Our Oceans and Seas

Part of Planet Earth Week

Did you know that Seawater covers two-thirds of the Earths surface!

That is a lot of water.

Can you name all the oceans?

  • Arctic Ocean
  • Atlantic Ocean
  • Indian Ocean
  • Pacific Ocean
  • Southern Ocean

Have you ever wondered why the oceans are salty?

This is caused by runoff by salts and other minerals from rocks on land. The rain lands on the rocks and slowly erodes the rocks and they are carried away by rivers and streams, eventually reaching the oceans.

Some of it also comes from the cracks on the seafloor we were finding out about earlier.

We have already learned a lot this week about the ocean floor and what's going on down there when the plates move but what about the actual oceans?

If you had a mini submarine-like in the video earlier in the week what do you think you would find? What would you go looking for?

Do you think there are some creatures still to be discovered? In actual fact, we have only explored around 5% of the world's oceans. We know more about the moon and mars!

The reason for this is they are so deep in some places that it is too dangerous to dive to those depths.

Can you think of a way around this? What could be invented to allow man or machine to explore the deep ocean floor!

What about underwater drones? Is there such a thing?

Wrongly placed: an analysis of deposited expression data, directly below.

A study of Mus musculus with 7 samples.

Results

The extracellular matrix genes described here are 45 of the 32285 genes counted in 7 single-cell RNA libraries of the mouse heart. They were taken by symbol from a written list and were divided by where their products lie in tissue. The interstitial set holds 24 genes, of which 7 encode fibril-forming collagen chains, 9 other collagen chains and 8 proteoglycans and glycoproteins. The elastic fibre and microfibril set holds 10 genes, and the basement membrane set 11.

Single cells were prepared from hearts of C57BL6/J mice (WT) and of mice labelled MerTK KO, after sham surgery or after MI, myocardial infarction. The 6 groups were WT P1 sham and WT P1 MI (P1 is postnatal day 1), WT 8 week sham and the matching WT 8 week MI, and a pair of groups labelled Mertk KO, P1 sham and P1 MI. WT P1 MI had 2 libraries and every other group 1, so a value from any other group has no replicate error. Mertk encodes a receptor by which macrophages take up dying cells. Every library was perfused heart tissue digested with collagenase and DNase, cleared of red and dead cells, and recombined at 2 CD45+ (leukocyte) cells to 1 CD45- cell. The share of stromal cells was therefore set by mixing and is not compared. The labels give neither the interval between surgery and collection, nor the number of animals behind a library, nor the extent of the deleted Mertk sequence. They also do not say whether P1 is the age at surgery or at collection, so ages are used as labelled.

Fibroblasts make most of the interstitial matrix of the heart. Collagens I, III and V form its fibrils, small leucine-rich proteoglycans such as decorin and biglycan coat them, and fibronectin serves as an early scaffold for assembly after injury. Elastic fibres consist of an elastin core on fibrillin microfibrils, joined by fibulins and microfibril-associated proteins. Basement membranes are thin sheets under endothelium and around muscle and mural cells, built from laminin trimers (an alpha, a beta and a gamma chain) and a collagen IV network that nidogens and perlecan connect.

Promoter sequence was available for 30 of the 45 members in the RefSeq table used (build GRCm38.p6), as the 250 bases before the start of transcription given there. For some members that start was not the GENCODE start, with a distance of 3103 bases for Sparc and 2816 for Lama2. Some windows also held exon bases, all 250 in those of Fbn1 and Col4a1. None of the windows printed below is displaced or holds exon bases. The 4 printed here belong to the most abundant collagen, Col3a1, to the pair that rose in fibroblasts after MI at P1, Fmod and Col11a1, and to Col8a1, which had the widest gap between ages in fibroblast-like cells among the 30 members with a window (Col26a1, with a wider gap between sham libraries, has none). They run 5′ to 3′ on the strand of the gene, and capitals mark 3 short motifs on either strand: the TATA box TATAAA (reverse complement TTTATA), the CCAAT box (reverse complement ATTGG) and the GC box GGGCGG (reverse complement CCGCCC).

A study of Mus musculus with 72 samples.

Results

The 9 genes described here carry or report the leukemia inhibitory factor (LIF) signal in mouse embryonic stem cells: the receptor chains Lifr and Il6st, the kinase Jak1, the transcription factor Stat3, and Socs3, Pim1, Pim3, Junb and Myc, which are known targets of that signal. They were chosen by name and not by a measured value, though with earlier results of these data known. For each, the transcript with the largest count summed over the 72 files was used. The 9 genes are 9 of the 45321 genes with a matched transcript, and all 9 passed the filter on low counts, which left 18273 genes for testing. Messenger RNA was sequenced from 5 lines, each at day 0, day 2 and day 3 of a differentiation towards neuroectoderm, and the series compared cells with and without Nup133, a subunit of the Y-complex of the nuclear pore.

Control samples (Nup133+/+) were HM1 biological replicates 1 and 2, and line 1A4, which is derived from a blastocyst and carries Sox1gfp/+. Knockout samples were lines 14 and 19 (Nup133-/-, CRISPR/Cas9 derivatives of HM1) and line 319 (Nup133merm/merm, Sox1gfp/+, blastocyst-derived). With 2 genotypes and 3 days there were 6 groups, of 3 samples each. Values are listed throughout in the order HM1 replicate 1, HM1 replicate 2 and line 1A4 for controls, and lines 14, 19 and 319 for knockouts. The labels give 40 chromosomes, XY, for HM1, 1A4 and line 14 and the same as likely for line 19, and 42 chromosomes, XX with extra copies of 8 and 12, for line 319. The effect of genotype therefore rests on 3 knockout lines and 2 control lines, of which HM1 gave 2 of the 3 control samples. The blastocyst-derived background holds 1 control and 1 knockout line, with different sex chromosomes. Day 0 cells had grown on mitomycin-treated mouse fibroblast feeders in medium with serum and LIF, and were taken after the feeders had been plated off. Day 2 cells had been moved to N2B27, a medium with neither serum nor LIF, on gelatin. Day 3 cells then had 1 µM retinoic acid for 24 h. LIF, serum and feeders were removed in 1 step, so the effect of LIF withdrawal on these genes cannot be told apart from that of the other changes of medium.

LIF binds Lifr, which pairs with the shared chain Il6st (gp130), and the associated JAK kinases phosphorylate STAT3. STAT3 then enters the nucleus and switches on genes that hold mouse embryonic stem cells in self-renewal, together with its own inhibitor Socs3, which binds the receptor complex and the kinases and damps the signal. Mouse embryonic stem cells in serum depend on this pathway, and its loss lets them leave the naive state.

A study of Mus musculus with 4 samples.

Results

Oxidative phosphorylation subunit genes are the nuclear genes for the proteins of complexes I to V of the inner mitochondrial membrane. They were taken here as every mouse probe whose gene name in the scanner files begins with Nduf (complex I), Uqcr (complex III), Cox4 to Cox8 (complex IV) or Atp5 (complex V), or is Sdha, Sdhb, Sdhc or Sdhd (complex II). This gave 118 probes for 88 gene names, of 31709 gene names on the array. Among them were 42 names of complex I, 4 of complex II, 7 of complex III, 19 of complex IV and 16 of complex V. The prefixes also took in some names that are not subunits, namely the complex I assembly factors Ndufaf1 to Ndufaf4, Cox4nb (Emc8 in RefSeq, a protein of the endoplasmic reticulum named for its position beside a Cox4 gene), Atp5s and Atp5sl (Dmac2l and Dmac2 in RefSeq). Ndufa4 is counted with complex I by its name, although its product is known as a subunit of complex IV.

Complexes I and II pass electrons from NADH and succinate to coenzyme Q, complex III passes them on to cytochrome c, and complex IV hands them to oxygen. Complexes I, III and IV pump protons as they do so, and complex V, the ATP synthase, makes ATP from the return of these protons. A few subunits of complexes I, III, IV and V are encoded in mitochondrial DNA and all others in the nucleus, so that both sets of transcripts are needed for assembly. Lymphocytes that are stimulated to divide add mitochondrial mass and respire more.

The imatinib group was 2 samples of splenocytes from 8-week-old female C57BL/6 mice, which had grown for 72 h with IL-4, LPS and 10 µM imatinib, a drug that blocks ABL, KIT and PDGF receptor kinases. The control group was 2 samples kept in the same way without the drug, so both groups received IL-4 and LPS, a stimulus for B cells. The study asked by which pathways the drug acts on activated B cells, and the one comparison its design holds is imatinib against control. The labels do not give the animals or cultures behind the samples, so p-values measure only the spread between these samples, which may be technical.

Check out this video, if you are brave enough, and find out about the most dangerous creatures in the oceans. Warning - it is quite scary!

10 Most Dangerous Ocean Creatures in the World

There are many creatures living in our own seas - have a look at this link - which do you like best?

We at the Dundee Science Centre think Jellyfish and Octopus come out top of the list of lovely creatures of the oceans and seas.

See what you can find out about Jellyfish there are many different types and shapes.

Some Fun Facts

Jellyfish have been around for at least 600 million years
Some of them have deadly stings
They can live in fresh and sea water
Jellyfish have no brains but some have eyes
Some of them glow in the dark
A group of Jellyfish is called a smack - is this really true!!

What did you find out?

What do you think of the Jellyfish we found on a beach in Scotland?

Activity: Make Your Own Jellyfish

Let's make our own Jellyfish - follow our activity sheet.

Or make a Jellyfish in a bottle - off to the recycle box again for all these activities!

Design a sea creature you imagine might be at the bottom of the sea or try our Jellyfish activities.

Incredible Octopus
Make a Jellyfish
Make a Jellyfish (PDF)
Jellyfish in a Bottle
Jellyfish in a Bottle (PDF)
Completed Jellyfish Now Make Your Own (PDF)
Octopus Floatation Experiment

Jellyfish on the Beach
Jellyfish on the Beach in Scotland!

This page is part of the Planet Earth Week information.

If you have enjoyed these activities please share them with your friends and family.